Charles Spurgeon Johnson (1893-1956) was a preeminent sociologist, author, educator, and college president. He was known as the leader in making Fisk University the major Negro center for social research in the South and one of the outstanding research institutions in the entire field of race relations.
Born July 24, 1893 in Bristol, Virginia, Johnson attended Wayland Academy and college at Virginia Union University. While a student at Virginia Union University, Johnson served on the college debating team, was editor-in-chief of the college journal, president of student council, manager of the football and baseball team, member of the college quartet, a tennis player, and he finished his A.B. degree in 1916 after only three years. Johnson worked his way through graduate school at the University of Chicago’s renowned School of Sociology. While in school, he was Associate Executive Secretary for the Illinois Governor’s Commission on Race Relations in Chicago. Johnson took time away from school during World War I and was regimental sergeant major, infantry, A.E.F., U.S. Influenced at the Chicago School by Robert E. Park, an accomplished sociologist, Johnson obtained his Ph.D. and would continue to explore race relations throughout his lifetime.
In 1920, Johnson married Marie Antoinette Burgette (1891-1965) of Milwaukee. They moved to New York City where he became the National Urban League’s Director of Research and Investigations after having previously served in the same capacity for the Chicago affiliate. His first book, The Negro in Chicago: A Study of Race Relations and a Race Riot, was published in 1922. He also founded and became editor of Opportunity: A Journal of Negro Life, the official organ of the National Urban League.
From 1928 to 1947, Johnson served as a professor of sociology, founder of the Social Center, the Director of the Department of Social Science, and the Social Science Institute Director (later the Race Relations Institute) at Fisk University. He was also a member of many committees and boards, namely the following: National Committee on Children and Youth; President Hoover’s Conference on Home Building and Home Ownership (secretary); Sociology Committee of the Tennessee Valley Authority; President’s Committee on Farm Tenancy; editor of board, American Sociological Review; Findings Committee, Conference on Inter-American Relations in Field of Education; executive and planning committee, White House Conference on Children in a Democracy; chairman, executive committee, Southern Committee on the Study of Lynching of the Southern Sociological Society; trustee, Julius Rosenwald Fund; trustee, Bethune-Cookman, LeMoyne, and Tillotson Colleges; secretary-treasurer, Sociology Research Association; first vice-president and president, Southern Sociological Society; U.S. Advisory Commission on Japanese Education (a.k.a. U.S. Education Mission).
Johnson was also director of many boards and projects. From 1942-48, he served as Co-director of the Race Relations Program of the Julius Rosenwald Fund. Simultaneously, he served as Director of the Race Relations Program of the American Missionary Association from 1943 to 1948 and Director of the Southern Regional Division, Negro Youth Study of the American Council on Education in 1946. His book on the historical-sociological conditions in Liberia, Africa, Bitter Canaan, was also published in 1946.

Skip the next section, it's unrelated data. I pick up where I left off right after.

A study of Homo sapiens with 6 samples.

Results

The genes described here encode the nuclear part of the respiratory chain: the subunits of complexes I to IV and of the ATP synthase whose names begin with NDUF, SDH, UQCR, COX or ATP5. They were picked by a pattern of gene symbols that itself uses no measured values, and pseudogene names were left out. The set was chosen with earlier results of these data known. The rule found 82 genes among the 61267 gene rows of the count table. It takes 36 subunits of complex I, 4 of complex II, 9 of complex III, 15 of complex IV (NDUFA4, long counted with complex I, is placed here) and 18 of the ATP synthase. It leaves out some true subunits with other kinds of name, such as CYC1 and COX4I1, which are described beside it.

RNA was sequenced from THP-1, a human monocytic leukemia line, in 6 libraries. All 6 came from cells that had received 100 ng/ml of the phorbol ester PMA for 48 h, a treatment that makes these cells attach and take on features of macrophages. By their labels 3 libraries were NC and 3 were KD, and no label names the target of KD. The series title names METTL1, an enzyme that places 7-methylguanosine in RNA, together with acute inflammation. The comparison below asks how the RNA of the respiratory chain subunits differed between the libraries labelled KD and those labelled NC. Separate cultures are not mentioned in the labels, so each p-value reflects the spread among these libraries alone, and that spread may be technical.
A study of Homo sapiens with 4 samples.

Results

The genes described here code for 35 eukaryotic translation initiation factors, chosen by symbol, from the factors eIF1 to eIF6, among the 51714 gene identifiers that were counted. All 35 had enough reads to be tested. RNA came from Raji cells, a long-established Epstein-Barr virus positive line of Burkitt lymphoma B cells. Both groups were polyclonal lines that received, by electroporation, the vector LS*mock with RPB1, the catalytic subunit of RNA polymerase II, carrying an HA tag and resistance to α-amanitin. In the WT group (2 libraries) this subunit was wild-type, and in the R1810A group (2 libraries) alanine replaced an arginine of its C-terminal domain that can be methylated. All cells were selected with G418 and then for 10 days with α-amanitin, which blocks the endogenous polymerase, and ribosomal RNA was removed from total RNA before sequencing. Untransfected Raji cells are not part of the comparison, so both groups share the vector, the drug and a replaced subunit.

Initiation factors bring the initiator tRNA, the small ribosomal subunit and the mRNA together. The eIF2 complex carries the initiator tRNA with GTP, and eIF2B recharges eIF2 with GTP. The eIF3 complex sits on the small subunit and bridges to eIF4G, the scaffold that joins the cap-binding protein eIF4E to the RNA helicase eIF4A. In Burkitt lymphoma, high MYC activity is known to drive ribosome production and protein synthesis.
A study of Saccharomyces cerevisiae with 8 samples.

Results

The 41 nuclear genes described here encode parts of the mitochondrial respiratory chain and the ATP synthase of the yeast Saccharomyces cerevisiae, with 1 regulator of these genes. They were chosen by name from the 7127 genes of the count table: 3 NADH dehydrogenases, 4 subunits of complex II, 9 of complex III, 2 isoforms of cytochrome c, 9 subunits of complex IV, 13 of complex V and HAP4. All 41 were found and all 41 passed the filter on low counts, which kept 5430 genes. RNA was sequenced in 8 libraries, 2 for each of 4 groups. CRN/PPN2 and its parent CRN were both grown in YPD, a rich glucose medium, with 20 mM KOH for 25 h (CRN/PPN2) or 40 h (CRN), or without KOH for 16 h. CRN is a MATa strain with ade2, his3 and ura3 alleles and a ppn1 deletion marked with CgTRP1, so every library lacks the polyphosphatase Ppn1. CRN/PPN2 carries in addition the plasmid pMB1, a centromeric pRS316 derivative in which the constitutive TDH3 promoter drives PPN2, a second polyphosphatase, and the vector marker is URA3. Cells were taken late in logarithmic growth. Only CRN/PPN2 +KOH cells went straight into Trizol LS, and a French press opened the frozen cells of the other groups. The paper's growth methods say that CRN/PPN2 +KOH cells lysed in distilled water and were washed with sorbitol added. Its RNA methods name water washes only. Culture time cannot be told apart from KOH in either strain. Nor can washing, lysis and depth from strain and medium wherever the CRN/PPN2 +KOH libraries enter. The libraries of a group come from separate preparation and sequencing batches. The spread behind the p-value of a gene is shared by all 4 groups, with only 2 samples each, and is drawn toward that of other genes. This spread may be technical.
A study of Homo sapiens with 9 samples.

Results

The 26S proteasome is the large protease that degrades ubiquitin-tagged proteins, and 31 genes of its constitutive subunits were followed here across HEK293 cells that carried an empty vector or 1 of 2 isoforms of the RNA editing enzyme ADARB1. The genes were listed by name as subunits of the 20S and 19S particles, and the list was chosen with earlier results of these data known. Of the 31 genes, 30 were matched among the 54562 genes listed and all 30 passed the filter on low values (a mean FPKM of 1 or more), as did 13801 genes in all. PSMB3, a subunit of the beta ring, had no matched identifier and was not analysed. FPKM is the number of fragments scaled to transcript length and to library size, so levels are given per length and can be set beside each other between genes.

On October 29, 1946, Charles S. Johnson was elected president of Fisk University by the Board of Trustees. He succeeded Thomas Elsa Jones and became the first Black to serve in this capacity. He was officially inaugurated in November 1947.
During his presidency, Johnson remained active with other organizations. He served as a delegate for the United States to UNESCO, as a delegate for the World Council of Churches, and as a board member of the Bethlehem Center of Nashville. Johnson was the chairman of the executive committee of the Southern Regional Council and the director-at-large of the Board of Home Missions of the Congregational Christian Churches. In 1950, Johnson served on the President’s Board for Foreign Scholarships under the Fulbright Act and as a member of the Tennessee Committee Midcentury White House Conference on Children and Youth. He also became the co-editor for Race and Culture. From 195 to 1956, Johnson was the vice-chairman of the American Committee for Cultural Freedom, and a consultant and Board of Trustees member to the John Hay Whitney Foundation. Johnson published his book, Education and the Cultural Crisis in 1951.
Johnson was an active member of the board of directors of the Association on American Indian Affairs, Inc. and a member of the board of governors of the American Association for the United Nations. In 1954, Johnson became a delegate to the Conference on Student Life and Education in the United States at the University of Chicago, and a member of the executive committee of the General Council of the Congregational Christian Churches. For six weeks in 1955, Johnson was a lecturer for the American-Scandinavian Foundation at the Universities of Stockholm, Oslo, and Copenhagen. Also in 1955, Johnson became the first African American to serve as a member of the board of trustees of the American Cancer Society. Johnson received honorary doctorate degrees from Columbia University, Harvard College, and Glasgow University in Scotland.
Johnson and his wife had four children: Drs. Charles, Jr. and Robert Burgette; Patricia Marie; and Jeh Vincent. On October 28, 1956, Johnson died of heart failure in Louisville, Kentucky en route to New York for a Fisk University board meeting.